What Are Rims?


Rims are a standard structural element of a car's design, but these metal cylinders can also be a custom accessory that improves the car's appearance, traction and steering. Car enthusiasts of all kinds browse the huge aftermarket selection for rims that suit their vehicle and make a statement that's often as distinctive as the owners themselves.


  • Technically the rim is the outer perimeter of the wheel, a circular band of metal that holds the tire. Over time, however, wheels without hubcaps, particularly the custom wheels sold to enhance hot rods and low-riders, have come to be referred to as rims.

    The size and style of rims affect not only the looks of the car, but also the ride and handling. Shiny chrome rims are flashy and get the car noticed. Larger diameter rims are used with low profile tires for improved handling. Choose lightweight alloy rims for easy maneuverability in city traffic.


  • Rims are measured by diameter, starting at 13 inches for small cars and going up to 30 inches for SUVs and trucks. Car owners often change standard size rims to larger diameter rims for a different look, or to provide better traction and handling. Drastically changing the rim size requires adaptations to the suspension to ensure the car handles correctly and operates safely. Rims are also available in varying widths, and must match the tire section width for proper, safe car function.


  • Standard wheel rims are made of steel, while custom rims are usually cast aluminum alloy or magnesium alloy. Magnesium tires ("mag wheels" or mags") are super lightweight rims used for racing. They are impractical for street driving and can be flammable after a blowout.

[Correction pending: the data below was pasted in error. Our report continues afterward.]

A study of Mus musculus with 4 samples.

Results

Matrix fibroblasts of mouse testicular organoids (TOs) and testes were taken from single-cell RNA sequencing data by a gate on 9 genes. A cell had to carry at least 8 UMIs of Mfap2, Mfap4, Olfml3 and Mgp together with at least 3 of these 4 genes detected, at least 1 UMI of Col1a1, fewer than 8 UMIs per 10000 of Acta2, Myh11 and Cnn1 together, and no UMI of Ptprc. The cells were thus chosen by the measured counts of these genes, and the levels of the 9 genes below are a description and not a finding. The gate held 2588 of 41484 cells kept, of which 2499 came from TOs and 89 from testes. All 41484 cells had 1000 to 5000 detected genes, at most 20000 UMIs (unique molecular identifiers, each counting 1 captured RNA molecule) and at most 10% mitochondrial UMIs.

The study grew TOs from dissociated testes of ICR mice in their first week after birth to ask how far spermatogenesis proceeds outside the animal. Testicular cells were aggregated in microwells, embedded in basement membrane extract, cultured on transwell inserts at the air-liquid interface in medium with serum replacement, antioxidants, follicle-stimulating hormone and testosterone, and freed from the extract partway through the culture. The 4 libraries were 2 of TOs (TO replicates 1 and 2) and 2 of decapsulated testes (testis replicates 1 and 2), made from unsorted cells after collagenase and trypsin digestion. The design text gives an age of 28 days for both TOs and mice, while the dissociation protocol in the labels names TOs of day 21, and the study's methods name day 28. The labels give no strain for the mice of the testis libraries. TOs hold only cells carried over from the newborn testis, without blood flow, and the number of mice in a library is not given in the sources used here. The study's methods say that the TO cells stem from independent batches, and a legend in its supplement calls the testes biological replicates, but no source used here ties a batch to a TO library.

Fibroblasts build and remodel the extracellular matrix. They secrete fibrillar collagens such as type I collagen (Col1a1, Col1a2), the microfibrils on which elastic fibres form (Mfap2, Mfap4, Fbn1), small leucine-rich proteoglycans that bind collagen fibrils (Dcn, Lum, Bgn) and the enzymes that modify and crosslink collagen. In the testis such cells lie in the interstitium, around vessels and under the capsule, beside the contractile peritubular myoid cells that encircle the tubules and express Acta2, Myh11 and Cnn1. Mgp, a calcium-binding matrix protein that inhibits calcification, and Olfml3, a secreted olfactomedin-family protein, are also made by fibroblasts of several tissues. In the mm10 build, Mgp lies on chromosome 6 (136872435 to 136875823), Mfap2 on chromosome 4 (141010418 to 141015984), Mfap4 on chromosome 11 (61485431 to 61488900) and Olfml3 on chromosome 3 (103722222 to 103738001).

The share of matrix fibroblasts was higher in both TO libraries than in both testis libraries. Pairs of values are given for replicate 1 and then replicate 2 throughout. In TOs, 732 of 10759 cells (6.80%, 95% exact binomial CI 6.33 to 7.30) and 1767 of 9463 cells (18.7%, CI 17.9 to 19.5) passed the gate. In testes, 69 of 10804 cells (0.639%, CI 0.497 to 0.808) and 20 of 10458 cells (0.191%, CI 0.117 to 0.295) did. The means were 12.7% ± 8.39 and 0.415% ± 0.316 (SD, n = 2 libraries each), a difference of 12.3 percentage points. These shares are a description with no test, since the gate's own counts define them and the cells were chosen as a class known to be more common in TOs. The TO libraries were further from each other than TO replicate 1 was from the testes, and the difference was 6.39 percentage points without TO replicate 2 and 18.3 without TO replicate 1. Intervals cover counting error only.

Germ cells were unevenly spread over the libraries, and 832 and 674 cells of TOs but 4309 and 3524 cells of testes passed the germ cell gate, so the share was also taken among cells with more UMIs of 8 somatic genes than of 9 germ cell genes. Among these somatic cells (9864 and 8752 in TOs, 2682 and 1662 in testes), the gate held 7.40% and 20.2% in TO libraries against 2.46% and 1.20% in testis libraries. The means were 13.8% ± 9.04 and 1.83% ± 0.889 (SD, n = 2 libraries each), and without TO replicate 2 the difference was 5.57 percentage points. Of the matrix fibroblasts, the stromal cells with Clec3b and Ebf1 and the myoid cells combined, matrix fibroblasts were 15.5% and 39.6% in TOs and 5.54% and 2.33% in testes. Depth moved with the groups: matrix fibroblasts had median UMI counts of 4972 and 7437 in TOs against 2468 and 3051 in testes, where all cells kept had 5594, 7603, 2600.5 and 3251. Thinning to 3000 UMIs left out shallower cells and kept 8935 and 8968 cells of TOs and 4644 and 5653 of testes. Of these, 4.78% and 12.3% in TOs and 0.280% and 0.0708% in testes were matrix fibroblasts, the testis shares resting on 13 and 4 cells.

Rims come in a variety of sizes to fit every car, matching the standard size or altering it to change the appearance or handling. Rim finishes typically run in varying shades and sheens of gray, chrome and silver, but can also be white, black, blue, gold and other custom colors. Rims can have solid or spoked styles, with infinite design details that range from subtle grooves to interlaced spokes to carved figure silhouettes. Spinner rims attract a lot of attention as they rotate freely even after the car has stopped moving.

    Choose the offset on the rims you buy. Front-wheel-drive offset means the center spider is flush or nearly flush with the exterior edge of the rim, while the spider is set further back for rear-wheel-drive offset. Be aware that offset is labeled rear or front wheel drive, but is not necessarily tied to the car's drive mechanism.


  • Not all rims will work with your car's design. Use print and online resources like the "Wheel Visualizer" from Custom Wheels and Car Rims' website to view different styles with your vehicle. Too large rims can cause your tires to rub against the fender or parts of the undercarriage, causing damage. Remember to check that you can turn the wheels fully without scraping along any part of the car. Some rims may not allow space for your brake system, so be sure you have a compatible style before you buy.

    Remember that going larger or smaller than factory size rims will cause your odometer to register mileage incorrectly. Take your car to a reliable transmission shop or custom car experts to have the speedometer gear in the transmission altered to match your new rims.


  • Heat will cause tires to expand. If your new rims and tires have just enough clearance when it's cool out, replace with smaller rims to avoid inevitable rubbing and damage at warmer temperatures.

    Rear-wheel-drive offset is necessary when selecting spinning rims. Spinners should ride inside the rim, not extend past the edge where it can get damaged or hit the body of the car on bumps and turns.